This story was written as a field report for the DUO company website

Living in a concrete jungle, we are always looking for getaways no matter how brief. And there’s no better feeling than trekking off the beaten path and experiencing the solidarity of the dense rainforest. If there’s some good fishing thrown in then we get more than bargained for.
Down our local impoundments the regular quarry include the ferocious Giant Snakehead and other indigenous species, but of late the introduction of the prolific Peacock Bass means you’re more likely to catch one than not. Now this transplanted specie has developed a whole following, with many sport anglers pitting their skills against these Amazonian migrants.
In more recent times there has been another phenomenon that has spawned from these introductions – cross breeding. There were recent reports of anglers landing unusual looking specimens and upon closer inspection were found to be hybrids indeed. These are generally a spawn between the larger cichla temensis and the smaller ‘butterfly’ strains. The results have been pretty stunning, with unusual looking fish to say the least.
We were keen to get in on the action of course and so it was without much persuasion that we found ourselves in the thick of it early one morning. Armed with a spin stick each, the emphasis on being mobile, we took a leisurely stroll into the lush greenery of a secondary forest in search for likely spots that will produce these said Bass.
It didn’t take too long before we chanced upon a nice clearing, as a bonus there was a little fallen tree on the opposite bank just within a good cast. No invitation required, I quickly clipped on a lure that would cast clean and well. That lure would be the Bay Ruf S-80, designed for the salt but at home in the fresh all the same. A few test casts on either side of the snag drew no response, but it was just too nice to give up on. We were pretty sure there’d be a nice Bass or two laying in ambush somewhere in there.
With greater confidence I placed another cast deeper under the overhanging foliage, followed by yet another deeper in the cover. The splashing would’ve got the attention of any fish no matter how deep in the snag. Upon impact a fast crank of the handle would bring the lure down to depth, where a pause and twitch would keep the lure in the zone and not exit the snag prematurely before drawing attention to itself.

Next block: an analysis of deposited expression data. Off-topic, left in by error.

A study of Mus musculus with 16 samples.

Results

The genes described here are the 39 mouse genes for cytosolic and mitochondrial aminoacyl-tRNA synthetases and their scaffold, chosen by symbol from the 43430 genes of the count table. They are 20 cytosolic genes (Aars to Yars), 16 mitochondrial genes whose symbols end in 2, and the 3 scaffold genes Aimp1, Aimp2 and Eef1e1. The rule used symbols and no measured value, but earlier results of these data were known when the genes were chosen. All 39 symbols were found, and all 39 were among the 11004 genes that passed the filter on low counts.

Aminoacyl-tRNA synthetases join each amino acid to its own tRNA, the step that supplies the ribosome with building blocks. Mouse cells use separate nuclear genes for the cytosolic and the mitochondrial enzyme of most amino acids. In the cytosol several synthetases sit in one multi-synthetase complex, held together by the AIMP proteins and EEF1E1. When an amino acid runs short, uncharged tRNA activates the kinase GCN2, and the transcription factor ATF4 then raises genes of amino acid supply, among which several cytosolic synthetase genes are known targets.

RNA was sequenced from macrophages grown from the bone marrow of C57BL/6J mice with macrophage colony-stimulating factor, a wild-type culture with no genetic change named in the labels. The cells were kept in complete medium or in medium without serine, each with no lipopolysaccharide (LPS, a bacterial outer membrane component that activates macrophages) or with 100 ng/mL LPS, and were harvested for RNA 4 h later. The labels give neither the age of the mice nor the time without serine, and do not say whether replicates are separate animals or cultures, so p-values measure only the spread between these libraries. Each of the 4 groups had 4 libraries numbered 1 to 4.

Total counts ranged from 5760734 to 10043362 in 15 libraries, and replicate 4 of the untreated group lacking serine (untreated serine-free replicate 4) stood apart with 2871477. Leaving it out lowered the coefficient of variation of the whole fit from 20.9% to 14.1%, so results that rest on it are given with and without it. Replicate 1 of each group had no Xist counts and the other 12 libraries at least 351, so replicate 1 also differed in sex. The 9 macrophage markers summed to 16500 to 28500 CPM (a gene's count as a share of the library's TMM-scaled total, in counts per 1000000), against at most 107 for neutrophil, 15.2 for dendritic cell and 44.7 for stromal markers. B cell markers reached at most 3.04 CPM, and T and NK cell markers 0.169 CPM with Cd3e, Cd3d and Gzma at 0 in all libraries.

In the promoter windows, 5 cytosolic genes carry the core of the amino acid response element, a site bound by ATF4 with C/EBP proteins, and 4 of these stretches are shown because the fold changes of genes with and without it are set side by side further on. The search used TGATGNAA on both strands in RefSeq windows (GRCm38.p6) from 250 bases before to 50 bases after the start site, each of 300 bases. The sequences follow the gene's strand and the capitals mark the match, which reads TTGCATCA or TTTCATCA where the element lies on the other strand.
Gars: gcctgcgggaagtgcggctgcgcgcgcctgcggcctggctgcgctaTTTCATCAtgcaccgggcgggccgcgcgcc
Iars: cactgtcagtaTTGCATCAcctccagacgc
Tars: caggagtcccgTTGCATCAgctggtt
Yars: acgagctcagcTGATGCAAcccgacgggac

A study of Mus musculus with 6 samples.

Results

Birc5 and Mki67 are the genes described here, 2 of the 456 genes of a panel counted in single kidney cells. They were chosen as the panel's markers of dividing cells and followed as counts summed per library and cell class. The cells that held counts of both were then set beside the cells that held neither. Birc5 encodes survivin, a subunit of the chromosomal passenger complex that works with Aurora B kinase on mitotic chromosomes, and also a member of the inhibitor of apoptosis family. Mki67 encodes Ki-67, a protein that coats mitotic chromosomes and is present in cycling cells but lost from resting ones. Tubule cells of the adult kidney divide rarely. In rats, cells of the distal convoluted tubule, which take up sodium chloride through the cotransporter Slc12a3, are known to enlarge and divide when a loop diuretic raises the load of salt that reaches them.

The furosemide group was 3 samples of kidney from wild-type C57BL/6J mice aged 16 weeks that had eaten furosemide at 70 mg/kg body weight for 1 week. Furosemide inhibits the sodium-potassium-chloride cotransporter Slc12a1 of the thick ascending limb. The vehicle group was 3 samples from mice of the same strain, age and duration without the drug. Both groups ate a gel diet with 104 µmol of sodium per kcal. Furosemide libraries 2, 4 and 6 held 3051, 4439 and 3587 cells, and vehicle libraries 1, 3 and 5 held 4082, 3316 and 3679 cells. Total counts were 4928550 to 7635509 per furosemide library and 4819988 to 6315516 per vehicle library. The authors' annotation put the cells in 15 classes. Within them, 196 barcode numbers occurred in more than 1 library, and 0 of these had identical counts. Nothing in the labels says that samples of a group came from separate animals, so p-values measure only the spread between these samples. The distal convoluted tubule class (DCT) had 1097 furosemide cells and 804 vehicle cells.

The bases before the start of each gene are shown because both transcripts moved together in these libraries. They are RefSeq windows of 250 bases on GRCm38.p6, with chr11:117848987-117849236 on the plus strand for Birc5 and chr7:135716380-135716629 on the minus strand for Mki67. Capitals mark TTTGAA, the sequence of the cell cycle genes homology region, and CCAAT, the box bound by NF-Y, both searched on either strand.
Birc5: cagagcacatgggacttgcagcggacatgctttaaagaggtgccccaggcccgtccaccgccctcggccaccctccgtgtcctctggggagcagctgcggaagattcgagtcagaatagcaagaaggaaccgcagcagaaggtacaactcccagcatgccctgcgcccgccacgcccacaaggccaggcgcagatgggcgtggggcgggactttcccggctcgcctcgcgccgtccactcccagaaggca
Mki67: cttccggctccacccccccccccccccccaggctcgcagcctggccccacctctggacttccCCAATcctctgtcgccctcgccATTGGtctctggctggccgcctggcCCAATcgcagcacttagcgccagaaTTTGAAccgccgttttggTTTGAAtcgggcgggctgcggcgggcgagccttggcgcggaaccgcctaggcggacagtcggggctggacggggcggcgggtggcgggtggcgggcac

On what must have been the fourth cast at the exact spot the lure was belted hard upon descent courtesy of that first fast crank. A quick hook-set and frantic cranks won us a few crucial feet of line but the fish was hell-bent on making it back inside. And it felt like a good one.
Fights like these are won or lost in a matter of seconds. Luckily, this time we won as the big Bass tried unsuccessfully on a couple of strong lunges to get home. Once clear of structure it was a matter of keeping it calm and bowing the stick as it leapt clear of the water in attempts to throw the lure. After what felt like an eternity, the fish was finally ready to be landed.
It was a hybrid Peacock Bass indeed. The fish displayed the muscular flanks of the larger specie but was also somewhat stocky like that of the smaller parent. Regardless, it was a prime specimen of a male in brooding mode sporting a large hump head. It was quickly released after a few quick pictures. We continued casting but it seemed like the snag would only produce one fish.
We then trekked deeper into the forest in search of more of these exciting fish to catch. Our next encounter would take place round the next bend where shallow grass beds would give way to a steeper gradient drop just within casting range. Again, a long-casting lure was called into service. But now this one had to plunge deep. Another Bay Ruf stablemate would be the answer – the V-75. This lure is a personal favourite of mine, and is as versatile as they come.
The spin outfit coupled with the heavy lure produced fantastic distance. Let to sink, the lipless crankbait is then ripped back in aggressive fashion with sporadic pauses. Traditionally, Peacock Bass just go wild for this, and on this day it would be no different. First retrieve and the Bay Ruf was stopped dead in its tracks on its way back. This fish held deep and felt heavy. Another good fish.
Like the one before, much care was given throughout the fight to ensure the fish made it to the shore. This one was a less complicated affair as the fish cooperated and soon we had it prepped for a few nice shots before it was sent back on its merry way. It was a good way to start the day. And after a few smaller fish we headed back into civilisation, happier than when we started.